Sri Lanka was recently struck by a wave of mass protests and demonstrations throughout the country, which began because of the economic and political crisis. The protests were extremely effective. Protestors stormed barricades and there were clashes withpolice, who fired tear gas and water cannons at the protestors. There were reports of police and army vehicles being damaged, although it remains contested as to whether the damage was caused by protestors or actors external to the protests.
The primary protests in Colombo catalyzed similar protests in other parts of the country, creating a highly volatile and difficult political situation. This article will analyze two areas pertaining to protests in September and discuss the efficacy of continuing to protest.
The economic crisis as a catalyst fuelling the protest movement
Former prime minister Ranil Wickremesinghe was elected president on July 20 in a parliamentary election following protests in response to the country’s worst economic crisis in decades. President Wickremesinghe is no stranger to politics. However, the hand that he has been dealt with is difficult; it is perhaps impossible to resurrect an economy that has completely crashed and to save Sri Lanka from falling into an even worse situation than it is already in.
The economic crisis has manifested itself in two ways. Firstly, it has led to a series of rolling blackouts, with islandwide power cuts. The electricity shortages provoked widespread anger, creating immeasurable difficulties for employees and companies to operate. The other lens of the crisis is the food and fuel shortages and the increase in prices of essential food commodities such as milk, rice and sugar. Ordinary Sri Lankans are also dealing with high inflation and a depleted exchange rate as a result of soaring international debt and a weak national economy. These conditions are fuelling anger and resentment among the public. The economic crisis is compounded by the country’s lucrative tourism industry and foreign worker remittances being sapped by the COVID-19 pandemic. However, it is too simplistic to point the blame at particular politicians or individuals and one has to sympathize with President Wickremesinghe and Prime Minister Dinesh Gunewardena. They are both doing their best in an impossible political and economic situation. The current economic crisis has been in the making for decades and is a combination of multiple factors – circumstances, bad luck and the fact that we are a poor, under developed country.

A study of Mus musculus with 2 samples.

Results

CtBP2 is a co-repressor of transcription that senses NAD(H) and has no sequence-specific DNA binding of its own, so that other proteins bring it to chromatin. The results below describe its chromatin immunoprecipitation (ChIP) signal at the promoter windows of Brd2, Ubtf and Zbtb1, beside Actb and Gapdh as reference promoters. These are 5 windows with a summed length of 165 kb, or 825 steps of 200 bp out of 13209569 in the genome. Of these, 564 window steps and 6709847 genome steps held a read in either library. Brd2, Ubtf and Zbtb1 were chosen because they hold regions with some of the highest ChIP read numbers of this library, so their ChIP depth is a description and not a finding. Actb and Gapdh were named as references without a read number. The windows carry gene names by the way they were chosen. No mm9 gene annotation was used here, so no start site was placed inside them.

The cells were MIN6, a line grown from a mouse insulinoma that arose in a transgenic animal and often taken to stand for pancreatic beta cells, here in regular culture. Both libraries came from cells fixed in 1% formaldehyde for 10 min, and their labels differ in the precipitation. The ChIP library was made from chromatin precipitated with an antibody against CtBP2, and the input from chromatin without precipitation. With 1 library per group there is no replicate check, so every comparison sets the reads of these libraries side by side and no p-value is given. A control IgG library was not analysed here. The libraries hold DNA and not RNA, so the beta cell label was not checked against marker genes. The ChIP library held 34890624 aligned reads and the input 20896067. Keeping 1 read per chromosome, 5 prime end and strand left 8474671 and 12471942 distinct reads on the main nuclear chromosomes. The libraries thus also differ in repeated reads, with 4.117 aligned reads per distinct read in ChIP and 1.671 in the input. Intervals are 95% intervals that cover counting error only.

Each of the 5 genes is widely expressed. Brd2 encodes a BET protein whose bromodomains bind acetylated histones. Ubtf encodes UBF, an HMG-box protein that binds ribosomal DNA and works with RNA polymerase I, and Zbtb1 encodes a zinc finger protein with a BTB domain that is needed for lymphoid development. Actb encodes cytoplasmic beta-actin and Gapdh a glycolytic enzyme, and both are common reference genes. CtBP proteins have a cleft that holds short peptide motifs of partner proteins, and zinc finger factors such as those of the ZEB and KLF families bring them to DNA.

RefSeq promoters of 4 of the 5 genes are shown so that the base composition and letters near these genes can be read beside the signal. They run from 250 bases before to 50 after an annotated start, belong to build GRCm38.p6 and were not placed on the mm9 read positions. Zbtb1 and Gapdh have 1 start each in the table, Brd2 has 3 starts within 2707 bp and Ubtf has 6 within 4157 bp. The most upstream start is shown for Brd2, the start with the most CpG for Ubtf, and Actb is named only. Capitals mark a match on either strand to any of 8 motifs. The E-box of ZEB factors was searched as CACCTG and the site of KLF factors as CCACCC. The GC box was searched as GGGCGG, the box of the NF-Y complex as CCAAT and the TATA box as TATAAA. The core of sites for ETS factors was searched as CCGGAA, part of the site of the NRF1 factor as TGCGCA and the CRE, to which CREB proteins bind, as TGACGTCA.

Meanwhile, the unemployment rate is rising daily. University graduates, students and others are finding it impossible to find a paying job to support themselves and their families. The official national unemployment rate stands at 4.6%. However, this figure does not account for the different types of unemployment that persist in the economy including cyclical unemployment, structural unemployment, and frictional unemployment. Unemployment has a knock on effect on protest movements as it creates a feeling of anger and desperation that propels people onto the streets and increases anti-government sentiment. Unemployment creates immeasurable financial difficulties, reducing the health of the labour market, denting economic progress and creating a stagnation scenario. Addressing the unemployment situation is therefore critical.
The situation in relation to protests in Sri Lanka is worrying. One could draw an analogy between the Arab Spring and the factors that are playing out at present such as high unemployment, weak national financial institutions and currency and debt related issues. There is a domino effect developing with protests in one part of the country spilling over into others. These protests, vital for the country’s democratic benchmarks, portend instability and chaos in the economic, political and social landscape. The central question remains: what is the solution to the national economic crisis and the demands of the protestors? This is a difficult question with no single or easy set of answers. Finding an internal solution within a democratic framework will prove challenging but Sri Lanka has to strive for an inclusive and effective solution immediately or it risks plunging into further economic and political chaos, bringing about a humanitarian crisis.